The Church took a great interest in Bridport Harbour from its earliest days. Considering that Bridport rope making had royal support, this may not be surprising. The harbour, which was to receive ships from as far as Russia, was in existence in the 13th century and in 1444 the Bishop of Sarum ‘granted an indulgence’ for its repair.
Sixteen ships were built here in the Napoleonic wars alone. In 1856 a vessel of over 1,000 tons was launched in the present harbour at West Bay, and defeating the notorious silting-up of the harbour entrance was able to put to sea. To give some indication of her size, although built for the open sea she could probably just have navigated the Gloucester to Sharpness canal, which was then the widest canal in the country.
Twenty years later saw the end of wooden shipbuilding of any size. The last wooden vessel, the ‘Lilian,’ took the water in 1879. Today, fishing, including trawling, is carried on and there is much pleasure boating, the harbour being filled with small craft, but the import and export trade has been lost.
A large number of ships were registered in Bridport, many of them being built there.
Ships once sailed the mile up the river Brit to the town but it became silted up. On the river near Bridport is the significantly named Port Mill, where flax was boiled, or softened by blows of heavy timber.
West Bay Harbour was improved in 1744 and in 1830, as many as 528 ships were recorded as using it, sailing in and out of the long narrow entrance as they do today. Hemp and flax were imported on a large scale at the height of the rope making industry. But by 1881, only two-tenths of the harbour dues of 50 years before were collected.
West Bay, where the present harbour is, was separated from the town by a flood plain, over which for hundreds of years ran rough tracks. The first road was laid down in 1819 and in 1884 the Great Western railway line was extended to the port.
All through its history the harbour has had a struggle with the elements: mainly south westerlies from which there was no shelter, and high tides. Yet coastal and foreign vessels continued to trade: from Russia came hemp and flax and from Scandinavia timber.
The flax and hemp were vital to the town. In 1793, a total of 1,800 Bridport people and 7,000 from the areas around were employed in the rope and net trade. Most of Bridport’s buildings today date from the second half of the 18th century when the trade prospered.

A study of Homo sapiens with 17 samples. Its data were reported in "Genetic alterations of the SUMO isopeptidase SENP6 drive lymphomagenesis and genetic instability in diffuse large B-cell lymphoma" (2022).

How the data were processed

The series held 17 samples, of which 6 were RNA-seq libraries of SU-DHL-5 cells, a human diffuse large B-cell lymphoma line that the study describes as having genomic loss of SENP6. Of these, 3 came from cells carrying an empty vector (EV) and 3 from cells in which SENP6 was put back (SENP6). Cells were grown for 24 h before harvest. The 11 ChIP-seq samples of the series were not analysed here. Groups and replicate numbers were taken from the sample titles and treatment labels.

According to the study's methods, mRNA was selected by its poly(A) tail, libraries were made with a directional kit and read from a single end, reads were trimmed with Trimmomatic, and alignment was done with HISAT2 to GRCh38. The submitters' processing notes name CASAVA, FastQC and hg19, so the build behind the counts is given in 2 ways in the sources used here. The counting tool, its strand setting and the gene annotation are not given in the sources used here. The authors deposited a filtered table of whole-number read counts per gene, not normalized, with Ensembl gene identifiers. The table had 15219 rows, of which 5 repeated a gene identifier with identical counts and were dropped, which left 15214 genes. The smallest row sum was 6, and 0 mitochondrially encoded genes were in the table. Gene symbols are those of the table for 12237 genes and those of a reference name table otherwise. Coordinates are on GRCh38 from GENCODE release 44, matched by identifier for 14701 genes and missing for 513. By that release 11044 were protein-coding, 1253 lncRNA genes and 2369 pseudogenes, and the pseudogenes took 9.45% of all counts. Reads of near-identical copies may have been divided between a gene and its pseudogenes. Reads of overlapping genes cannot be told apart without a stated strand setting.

At the harbour in West Bay large sailing ships were built in a yard where Heron Court stands. West Bay at one time had six slipways, which could be used for launching and repairing vessels or for just beaching them.
So which was the great ship of over 1,000 tons, which was launched here? It was the ‘Speedy,’ which sailed out of the Dorset harbour on her trials soon after taking the water in 1856. Shifting sands and shingle at the mouth of the Brit made it a hazardous task to take out or bring in such large craft.
Massive harbour works at the mouth of the river have taken place over the years.
Going back to the beginnings of the port, in the late 13th century the Abbot of Cerne held land on the east and west cliffs at West Bay. And the Prior of Frampton was making the most of any wrecks coming on to the shore. At that period vessels were coming up to the town up the river, and remains of moorings have been found and are visible at low water there.
In 1326, with invasion imminent, a survey was carried out around the coasts of all ships of 50 tons and upwards but Bridport was omitted from the list, indicating that only very small vessels were able to come up the Brit. By 1395, a Customs officer was on duty at Bridport, about the time that the river-mouth was converted into a better harbour.
In 1446 work took place on the maintenance of the harbour, but for the next 300 years the entrance was continually choked with shingle.
Piers, sluices and wharves were constructed in a four-year programme in the mid-1700. But the harbour was again choked with sand in 1818. In 1823 to 1825 further improvements were made, using 200 men. As a result, Bridport became a full bond port in 1832 and trade flourished until the railway came to West Bay in the late 19th century.
The work done in the port in the 18th century meant there was a depth of at least 11 feet of water between the piers at all spring tides, allowing vessels of 100 tons to enter or leave. Later, of course, the entrance had to be deepened for ships up to 10 times that size.
Already, back in 1751 the new harbour was considered to be “a safe port where may ride about 40 sail.” Nicholas Bools (or Bowles) established a shipyard. And the first vessel built was the ‘North Star,’ of 52 tons, in 1769.
It has been calculated that some 400 ships were launched between then and 1879, including smacks, schooners, luggers, cutters and even barques, brigs and brigantines.
A privateer, the ‘Resolution’ was built in 1779 during the American War of Independence. A privateer was an armed vessel and officered by private individuals holding a government commission, and authorised for war service.
So we see that the intensive shipping activity was inseparably linked with the prosperity of Bridport. Without the harbour the rope making could not have flourished, and without the trade that developed there might still be just a shingle river-mouth opening on to the sea. Few boats and a popular yet quiet seaside resort for those living in Dorset and beyond to enjoy.
This is the heritage of Bridport’s great industry of times past. And for those with maritime interests, these are among the proud ships that took the water in its harbour, when it was in its heyday:
‘Abby’ (schooner, 1837,159 tons); ‘Aberdeen Packet’ (sloop, 125 tons); ‘Britannia’ (301 tons); ‘Lord Donoughmore’ (cutter, 80tons); ‘Portia’ (barque, 1861, 298 tons); ‘Rutland’ (cutter, 1797, 82 tons); and ‘Good Intent’ (sloop. 1788, 36 tons). Each must have had a tale to tell.